Two years from now, during either a Kerry or Bush presidency, Iran will probably be much more of a security issue for the United States than Iraq.
Yet the campaigns of the two presidential candidates remain focused on Iraq, even though their approaches for stabilizing Iraq are far less different from their solutions for preventing Iran from developing nuclear weapons.
On Tuesday, Iran announced it would go full steam ahead and make the precursor materials that could be used to produce atomic bombs. Its Muslim leaders defied a warning on Saturday from the 35-nation board of the International Atomic Energy Agency that they not enrich nearly 40 tons of raw uranium into weapons-grade uranium.
The converted uranium could be used for either peaceful nuclear power or for bombs. Under the nuclear Non-Proliferation Treaty, Iran has a right to produce such material. But the IAEA says Iran won't need such fuel for 10 years. And it found out last year that Iran broke its treaty obligations by secretly running an enrichment program and clandestinely buying nuclear technology and know-how.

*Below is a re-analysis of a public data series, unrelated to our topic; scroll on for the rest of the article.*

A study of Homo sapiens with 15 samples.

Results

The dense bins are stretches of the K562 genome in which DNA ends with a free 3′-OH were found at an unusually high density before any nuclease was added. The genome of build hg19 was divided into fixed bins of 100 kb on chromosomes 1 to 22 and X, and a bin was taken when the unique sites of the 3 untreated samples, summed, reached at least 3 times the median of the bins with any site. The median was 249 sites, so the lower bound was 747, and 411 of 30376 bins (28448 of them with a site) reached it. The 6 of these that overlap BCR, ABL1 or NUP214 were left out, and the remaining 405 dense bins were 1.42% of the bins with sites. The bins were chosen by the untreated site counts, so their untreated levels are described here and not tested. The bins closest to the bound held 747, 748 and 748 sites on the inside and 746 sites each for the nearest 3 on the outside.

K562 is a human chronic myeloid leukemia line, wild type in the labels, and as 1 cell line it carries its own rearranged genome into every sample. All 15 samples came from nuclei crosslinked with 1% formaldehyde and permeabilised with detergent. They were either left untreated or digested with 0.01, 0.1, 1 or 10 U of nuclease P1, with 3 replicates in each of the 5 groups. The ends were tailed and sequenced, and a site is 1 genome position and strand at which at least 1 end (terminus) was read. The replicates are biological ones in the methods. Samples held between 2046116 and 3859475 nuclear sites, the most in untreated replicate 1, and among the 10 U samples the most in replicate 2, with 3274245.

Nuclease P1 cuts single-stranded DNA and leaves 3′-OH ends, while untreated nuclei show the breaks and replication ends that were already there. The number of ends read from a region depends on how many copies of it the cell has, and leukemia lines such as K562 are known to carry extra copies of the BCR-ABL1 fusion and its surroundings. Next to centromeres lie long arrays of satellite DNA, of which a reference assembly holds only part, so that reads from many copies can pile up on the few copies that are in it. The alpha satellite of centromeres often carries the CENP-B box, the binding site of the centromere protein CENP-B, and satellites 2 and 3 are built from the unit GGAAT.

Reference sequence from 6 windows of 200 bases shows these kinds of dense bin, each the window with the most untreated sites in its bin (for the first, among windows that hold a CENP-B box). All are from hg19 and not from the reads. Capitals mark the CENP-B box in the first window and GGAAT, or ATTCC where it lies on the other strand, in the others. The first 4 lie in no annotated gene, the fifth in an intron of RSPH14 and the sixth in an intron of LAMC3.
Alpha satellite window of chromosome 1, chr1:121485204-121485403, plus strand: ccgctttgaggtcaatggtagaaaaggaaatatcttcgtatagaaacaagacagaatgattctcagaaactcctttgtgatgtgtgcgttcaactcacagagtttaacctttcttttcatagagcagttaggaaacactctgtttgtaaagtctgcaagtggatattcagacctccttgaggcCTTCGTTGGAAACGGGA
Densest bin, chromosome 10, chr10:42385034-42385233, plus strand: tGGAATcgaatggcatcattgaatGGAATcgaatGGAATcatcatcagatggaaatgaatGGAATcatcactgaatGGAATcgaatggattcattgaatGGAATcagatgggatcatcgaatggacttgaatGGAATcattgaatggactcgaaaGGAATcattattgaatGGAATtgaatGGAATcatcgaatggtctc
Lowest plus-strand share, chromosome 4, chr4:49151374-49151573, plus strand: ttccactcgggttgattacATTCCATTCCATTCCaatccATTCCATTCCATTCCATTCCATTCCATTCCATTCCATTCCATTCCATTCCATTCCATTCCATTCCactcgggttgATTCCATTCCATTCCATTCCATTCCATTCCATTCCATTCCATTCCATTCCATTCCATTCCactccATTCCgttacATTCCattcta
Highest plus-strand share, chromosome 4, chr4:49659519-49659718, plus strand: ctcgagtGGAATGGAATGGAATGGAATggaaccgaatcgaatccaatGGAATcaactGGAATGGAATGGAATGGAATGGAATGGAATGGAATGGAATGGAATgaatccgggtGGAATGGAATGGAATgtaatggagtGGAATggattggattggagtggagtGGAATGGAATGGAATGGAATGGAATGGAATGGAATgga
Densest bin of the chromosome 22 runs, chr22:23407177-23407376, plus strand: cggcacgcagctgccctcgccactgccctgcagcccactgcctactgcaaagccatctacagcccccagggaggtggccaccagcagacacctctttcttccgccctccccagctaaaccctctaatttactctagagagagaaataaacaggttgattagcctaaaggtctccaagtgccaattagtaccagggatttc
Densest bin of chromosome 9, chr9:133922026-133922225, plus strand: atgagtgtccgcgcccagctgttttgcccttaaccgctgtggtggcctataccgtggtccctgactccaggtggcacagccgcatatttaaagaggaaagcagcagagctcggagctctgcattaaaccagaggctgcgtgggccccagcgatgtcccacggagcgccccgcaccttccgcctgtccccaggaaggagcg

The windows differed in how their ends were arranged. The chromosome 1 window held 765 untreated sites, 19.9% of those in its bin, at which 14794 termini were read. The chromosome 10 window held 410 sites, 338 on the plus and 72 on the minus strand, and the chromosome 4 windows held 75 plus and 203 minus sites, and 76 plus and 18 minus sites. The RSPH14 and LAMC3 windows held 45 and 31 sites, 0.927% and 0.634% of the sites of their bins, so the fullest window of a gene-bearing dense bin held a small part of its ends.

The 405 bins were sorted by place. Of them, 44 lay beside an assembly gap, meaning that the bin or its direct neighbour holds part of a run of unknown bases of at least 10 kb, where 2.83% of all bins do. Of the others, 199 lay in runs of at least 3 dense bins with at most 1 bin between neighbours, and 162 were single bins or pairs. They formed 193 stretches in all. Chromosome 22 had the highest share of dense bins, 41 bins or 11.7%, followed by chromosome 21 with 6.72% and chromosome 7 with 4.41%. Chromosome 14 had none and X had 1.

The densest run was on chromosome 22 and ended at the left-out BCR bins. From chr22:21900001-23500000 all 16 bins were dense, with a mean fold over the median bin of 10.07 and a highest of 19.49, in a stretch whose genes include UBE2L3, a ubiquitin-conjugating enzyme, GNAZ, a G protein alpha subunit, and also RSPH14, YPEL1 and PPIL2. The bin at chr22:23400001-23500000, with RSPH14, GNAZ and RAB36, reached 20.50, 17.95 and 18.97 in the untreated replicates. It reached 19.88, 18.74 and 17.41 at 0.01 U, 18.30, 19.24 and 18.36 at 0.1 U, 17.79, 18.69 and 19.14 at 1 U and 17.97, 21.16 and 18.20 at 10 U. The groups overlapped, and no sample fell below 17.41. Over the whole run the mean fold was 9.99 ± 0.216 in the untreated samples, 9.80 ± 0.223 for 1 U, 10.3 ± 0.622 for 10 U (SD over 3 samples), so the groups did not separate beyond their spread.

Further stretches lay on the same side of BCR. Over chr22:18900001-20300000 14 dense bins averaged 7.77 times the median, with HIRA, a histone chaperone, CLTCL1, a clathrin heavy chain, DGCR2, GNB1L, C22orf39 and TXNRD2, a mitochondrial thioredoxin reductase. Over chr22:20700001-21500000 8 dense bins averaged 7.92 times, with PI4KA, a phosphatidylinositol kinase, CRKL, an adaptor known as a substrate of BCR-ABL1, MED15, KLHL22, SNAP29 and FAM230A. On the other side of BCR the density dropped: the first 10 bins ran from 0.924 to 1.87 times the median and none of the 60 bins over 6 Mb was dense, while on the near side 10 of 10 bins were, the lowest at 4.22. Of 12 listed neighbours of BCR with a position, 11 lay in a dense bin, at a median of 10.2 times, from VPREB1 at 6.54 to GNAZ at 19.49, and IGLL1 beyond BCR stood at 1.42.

IAEA inspectors were purposely fooled - and could be fooled again.
The agency's board also warned Iran it might refer the issue to the UN Security Council in November for possible sanctions.
Adding to this tension was Wednesday's news that the US is selling 4,500 smart bombs to Israel, where some officials warn of strikes on Iran's nuclear facilities if the Islamic republic appears close to making an atomic weapon.
John Kerry says he would open talks with Iran on a host of issues, and offer to supply Iran with peaceful nuclear power if it gave up any intentions or abilities to produce nuclear weapons. President Clinton tried that approach with North Korea, but the deal failed when the North was caught resuming its weapons production.
President Bush tried to engage Iran but gave up last May and is now seeking a confrontational approach, although he has let Britain, Germany, and France take the lead on negotiations.
Mr. Kerry has said Iran is a bigger issue than Iraq. And he's been more upfront in clearly distinguishing his stance on Iran than he has been on Iraq. Perhaps he should return to the issue and again offer a clear choice to voters, who have as much stake in whether Iraq can become peaceful and democratic as they do in whether Iran, a supporter of terrorism, has nuclear weapons.